Sunday, 29 August 2010


Ramy Raoof writes "Egypt: Security Department to Monitor Facebook"

  • Sunday, 29 August 2010

    The role played by so-called 'New Media' and 'Citizen Journalists' surfaced in the past few years, especially after the, arguably, successful organisation of the 6 April strike in 2008. Prior to the strike, bloggers and internet activists used blogs, social networking website Facebook, micro-blogging website Twitter and video-sharing website YouTube to reveal torture cases and other violations of human rights in Egypt.

    2010 featured a new turn in internet activism when the murder of middle class Alexandrian entrepreneur Khalid Sa'id, 28, triggered a Facebook-based protest movement which quickly took to the streets and has been institutionalised in almost-weekly protests by a wide array of Egyptians from countless cities in Egypt and amongst the Egyptian diaspora. The fact that Khalid Sa'id was an "ordinary Egyptian" from a middle class background angered a segment of the population traditionally seen as tied to and acquiescent with the regime, hence, the significance of the "we are all Khalid Sa'id" movements which started on Facebook.

    Raoof also draws attention to an alleged initiative by the National Democratic Party (NDP) and its followers amongst the youth to defend the ruling party, incumbent president Hosni Mubarak and his son Gamal.


    Here's what Raoof wrote for Global Voices Online:

    Egypt: Security Department to Monitor Facebook

    On 1st July, 2010, the Egyptian Ministry of Interior (MOI) has reportedly established a special department to monitor Facebook activities and content in Egypt according to the administrative decision 765.

    Based on the Kuwaiti newspaper
    Aljarida, this new MOI department works according to three shifts/8 hours each. Each shift is composed of 15 individuals: 2 police officers, 10 secretaries of police and 3 engineers. The main task of this group is to monitor Facebook content like groups, pages and chat and to publish reports countering online criticism of current Egyptian president Hosni Mubarak or his son Gamal.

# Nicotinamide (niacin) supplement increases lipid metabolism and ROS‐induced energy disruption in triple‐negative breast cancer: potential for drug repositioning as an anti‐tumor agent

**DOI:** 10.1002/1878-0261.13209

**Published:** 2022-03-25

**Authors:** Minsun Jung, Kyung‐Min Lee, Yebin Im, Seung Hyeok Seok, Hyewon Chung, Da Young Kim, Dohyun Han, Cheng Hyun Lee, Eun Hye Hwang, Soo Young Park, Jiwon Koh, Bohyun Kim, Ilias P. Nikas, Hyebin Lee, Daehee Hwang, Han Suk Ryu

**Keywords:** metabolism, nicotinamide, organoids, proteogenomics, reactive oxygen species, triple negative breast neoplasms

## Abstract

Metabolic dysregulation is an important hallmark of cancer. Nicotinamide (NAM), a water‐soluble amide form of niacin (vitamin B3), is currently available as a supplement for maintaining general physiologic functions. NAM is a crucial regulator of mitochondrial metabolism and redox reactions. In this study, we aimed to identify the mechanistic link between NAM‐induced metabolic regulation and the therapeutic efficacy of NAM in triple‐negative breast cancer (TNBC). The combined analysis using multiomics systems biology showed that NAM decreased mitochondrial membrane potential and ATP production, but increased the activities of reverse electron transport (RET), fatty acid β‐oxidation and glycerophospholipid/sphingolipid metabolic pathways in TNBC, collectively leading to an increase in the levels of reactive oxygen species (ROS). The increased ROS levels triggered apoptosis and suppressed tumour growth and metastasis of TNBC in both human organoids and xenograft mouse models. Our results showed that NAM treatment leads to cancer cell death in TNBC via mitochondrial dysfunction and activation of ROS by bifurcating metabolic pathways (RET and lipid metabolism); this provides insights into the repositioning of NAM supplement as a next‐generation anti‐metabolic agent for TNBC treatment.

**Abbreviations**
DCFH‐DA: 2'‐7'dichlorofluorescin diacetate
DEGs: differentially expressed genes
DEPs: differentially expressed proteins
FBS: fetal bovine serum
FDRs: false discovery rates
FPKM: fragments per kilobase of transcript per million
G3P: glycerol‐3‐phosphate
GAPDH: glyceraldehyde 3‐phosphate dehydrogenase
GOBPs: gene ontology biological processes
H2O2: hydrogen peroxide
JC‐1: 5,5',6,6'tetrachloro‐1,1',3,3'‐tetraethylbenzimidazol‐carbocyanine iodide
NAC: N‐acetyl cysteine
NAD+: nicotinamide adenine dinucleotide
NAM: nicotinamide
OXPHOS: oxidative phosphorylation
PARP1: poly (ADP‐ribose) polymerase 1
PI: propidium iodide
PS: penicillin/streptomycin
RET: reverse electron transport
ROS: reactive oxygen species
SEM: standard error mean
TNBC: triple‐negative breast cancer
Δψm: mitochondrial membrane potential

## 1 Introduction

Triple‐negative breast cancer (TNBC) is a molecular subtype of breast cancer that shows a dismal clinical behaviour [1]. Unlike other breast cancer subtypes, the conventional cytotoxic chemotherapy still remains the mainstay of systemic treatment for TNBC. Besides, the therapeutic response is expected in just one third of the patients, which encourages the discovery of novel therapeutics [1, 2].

An anonymous security source mentioned to Aljarida that Egyptian security authorities used to censor Facebook among other websites but the MOI paid special attention to Facebook in 2008 after the first call for 6 April Strike that was organized on Facebook.

    The anonymous source mentioned to the newspaper that there are groups of paid young Egyptians from the
    National Democratic Party (NDP) youth, to defense the NDP and the government. According to the same source they have already created 166 Facebook group in support of president's son Gamal Mubarak and 38 other groups supporting his father, resident Hosni Mubarak.

    In February 2010, the Egyptian digital advertising company Connect Ads
    announced to be the Facebook official representative for Middle East and North Africa and I wonder what is the current relation between the MOI department and Connect Ads, because at some point the MOI will need to collect personal information about the Facebook users in Egypt.

    It will not be strange if a Facebook user faced a trial or get arrested based on his or her online activity in Egypt, like the trial taking place against Egyptian activists facing several charges, such as the
    misuse of world wide web.

    The numbers of Facebook users in Egypt jumped to 3.8 million, according to a recent
    report by E-Marketing. Consequently, there is team of 45 members in Egypt who are monitoring the activities of these 3.8 million as well as the monitoring of e-mail.